Why Dodge didn’t move the challenger to Alfa Romeo’s Guilia platform?


The Dodge Challenger and Charger are old school cars, both figuratively and literally. Sitting on a platform dating back to 2008, rumors circulated that the brand was planning to move the cars to the platform underlying the Alfa Romeo Giulia. Now, Dodge CEO Tim Kuniskis has explained why the move was never made.

Speaking about Autoline After Hours, the CEO explained that while Alfa Romeo’s “Giorgio” platform is great – and reviews of the Giulia tend to agree with that assessment – it just didn’t make sense for Dodge to spend all that money to make it more like its most direct competition.

The decision, Kuniskis said, came in 2014, when FCA (as it was then known) had an investor presentation and had to commit to a direction for the future. The company had experimented with both updating the current platform of the cars and moving them to Giorgio.

Why only build a better car to compete with the Camaro and Mustang?

“On the Giorgio platform, we would have ended up with a car that, quite frankly, would have been lighter, drove better, did a lot of the things that people said we were kind of lagging behind the competition on,” said Kuniskis. “But we looked at it and said, ‘We can do that, but if we do that, we’re going to compete with the Mustang and the Camaro.’ And honestly, those are great cars. They are fantastic cars. Why would we want to fight them in? their sandbox?” he added. “Let’s stay in our sandbox and be totally different from them, go left when they go right and try to own this space.”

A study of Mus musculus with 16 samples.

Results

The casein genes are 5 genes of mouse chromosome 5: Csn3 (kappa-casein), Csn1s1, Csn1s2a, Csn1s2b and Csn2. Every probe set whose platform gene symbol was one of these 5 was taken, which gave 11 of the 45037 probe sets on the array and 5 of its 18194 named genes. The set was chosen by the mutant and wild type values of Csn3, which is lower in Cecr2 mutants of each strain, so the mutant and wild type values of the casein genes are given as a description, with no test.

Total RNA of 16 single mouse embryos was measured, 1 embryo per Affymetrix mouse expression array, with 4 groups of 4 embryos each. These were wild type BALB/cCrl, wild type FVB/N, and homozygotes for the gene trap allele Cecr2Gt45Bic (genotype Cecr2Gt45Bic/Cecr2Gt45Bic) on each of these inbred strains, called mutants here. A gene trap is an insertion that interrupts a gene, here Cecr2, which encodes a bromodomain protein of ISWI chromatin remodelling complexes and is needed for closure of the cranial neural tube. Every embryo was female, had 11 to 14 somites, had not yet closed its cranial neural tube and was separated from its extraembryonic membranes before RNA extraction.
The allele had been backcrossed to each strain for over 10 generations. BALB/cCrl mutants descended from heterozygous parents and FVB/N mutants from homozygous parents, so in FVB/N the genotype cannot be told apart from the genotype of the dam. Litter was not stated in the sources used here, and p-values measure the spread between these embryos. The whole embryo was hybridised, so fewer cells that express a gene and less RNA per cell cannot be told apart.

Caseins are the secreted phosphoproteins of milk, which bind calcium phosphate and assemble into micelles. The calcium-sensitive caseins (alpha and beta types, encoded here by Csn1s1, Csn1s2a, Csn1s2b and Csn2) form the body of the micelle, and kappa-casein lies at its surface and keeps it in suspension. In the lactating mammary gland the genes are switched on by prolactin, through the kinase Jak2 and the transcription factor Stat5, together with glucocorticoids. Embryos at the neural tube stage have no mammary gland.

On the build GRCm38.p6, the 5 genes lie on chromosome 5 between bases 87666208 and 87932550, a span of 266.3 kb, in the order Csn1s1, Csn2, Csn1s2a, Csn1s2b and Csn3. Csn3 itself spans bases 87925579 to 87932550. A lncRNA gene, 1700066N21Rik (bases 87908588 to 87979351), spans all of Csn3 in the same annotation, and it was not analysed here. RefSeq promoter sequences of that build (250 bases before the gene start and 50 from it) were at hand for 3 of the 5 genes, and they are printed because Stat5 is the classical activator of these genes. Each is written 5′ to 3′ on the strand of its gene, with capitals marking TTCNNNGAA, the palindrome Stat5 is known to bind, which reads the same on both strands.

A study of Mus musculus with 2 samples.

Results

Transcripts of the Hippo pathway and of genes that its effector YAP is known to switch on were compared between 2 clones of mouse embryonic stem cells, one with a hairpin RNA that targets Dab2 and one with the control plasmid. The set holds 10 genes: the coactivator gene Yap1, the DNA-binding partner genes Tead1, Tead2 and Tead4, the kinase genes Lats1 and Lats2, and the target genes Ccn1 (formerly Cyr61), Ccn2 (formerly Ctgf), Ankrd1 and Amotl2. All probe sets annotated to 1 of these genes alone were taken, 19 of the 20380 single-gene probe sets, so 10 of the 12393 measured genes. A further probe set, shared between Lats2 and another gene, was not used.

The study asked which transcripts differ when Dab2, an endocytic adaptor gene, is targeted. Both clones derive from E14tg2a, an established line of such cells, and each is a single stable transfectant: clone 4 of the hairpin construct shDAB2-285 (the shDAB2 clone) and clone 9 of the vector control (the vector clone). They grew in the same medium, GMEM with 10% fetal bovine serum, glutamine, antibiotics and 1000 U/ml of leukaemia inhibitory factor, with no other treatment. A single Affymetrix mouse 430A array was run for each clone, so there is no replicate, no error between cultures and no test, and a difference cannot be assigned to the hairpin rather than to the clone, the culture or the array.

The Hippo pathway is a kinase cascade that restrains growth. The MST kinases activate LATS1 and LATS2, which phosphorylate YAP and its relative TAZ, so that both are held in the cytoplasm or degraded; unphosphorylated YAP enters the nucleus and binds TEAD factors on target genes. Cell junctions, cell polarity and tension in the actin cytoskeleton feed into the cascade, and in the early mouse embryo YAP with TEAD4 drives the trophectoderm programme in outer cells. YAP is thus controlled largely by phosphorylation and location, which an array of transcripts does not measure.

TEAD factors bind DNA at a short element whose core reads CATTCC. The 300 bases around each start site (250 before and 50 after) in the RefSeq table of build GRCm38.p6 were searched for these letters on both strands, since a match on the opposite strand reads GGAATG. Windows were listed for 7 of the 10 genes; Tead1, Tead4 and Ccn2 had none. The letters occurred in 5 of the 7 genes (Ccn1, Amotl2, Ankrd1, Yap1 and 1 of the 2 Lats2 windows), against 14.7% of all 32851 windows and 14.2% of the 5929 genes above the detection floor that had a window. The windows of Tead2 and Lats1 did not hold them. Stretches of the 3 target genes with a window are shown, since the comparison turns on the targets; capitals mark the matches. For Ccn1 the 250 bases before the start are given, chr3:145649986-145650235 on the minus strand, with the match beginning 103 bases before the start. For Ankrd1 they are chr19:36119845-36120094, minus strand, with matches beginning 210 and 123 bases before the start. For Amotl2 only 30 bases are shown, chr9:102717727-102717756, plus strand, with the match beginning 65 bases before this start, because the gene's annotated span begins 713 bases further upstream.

The company therefore decided not to work with Giorgio. According to former FCA CEO Sergio Marchionne, speaking in 2018, the decision was then made to make a “significant upgrade to the current architecture”.


“It’s very hard – I mean it’s very hard – to change the silhouette of the Challenger and come up with something better,” Kuniskis said. “So yeah, we did some tweaks, we went from a ’70 to a ’71, and we changed some hoods, and we changed some wheels, and we did the wide body, and we did those things, but to get the actual change of the silhouette of the car, then we would have spent money to spend the money.”


“If you look at the 2014 and the 2015, they are actually very different,” he explained. “If you put them side by side, the 15 looks significantly lighter, significantly smaller. It’s not, but it looks slimmer, smaller and a little bit more athletic.”

Even with those changes, however, he described both updates as evolutionary rather than revolutionary. That was not the only direction under consideration, however, and the company had experimented with bolder designs.

“We had one that was revolutionary and we actually showed it to dealers, and we ended up not going ahead with it because again, it would be spending money just to spend money,” he said. “It wouldn’t move the needle.”

Now, after more than a decade in action, the Charger and Challenger will finally give up the ghost in their current form, but not before their celebration. Dodge has announced six of its seven special editions that say goodbye to the popular muscle cars. However, the company promises that their spirits will live on in the electric age. That future was previewed with the Charger Daytona SRT EV concept.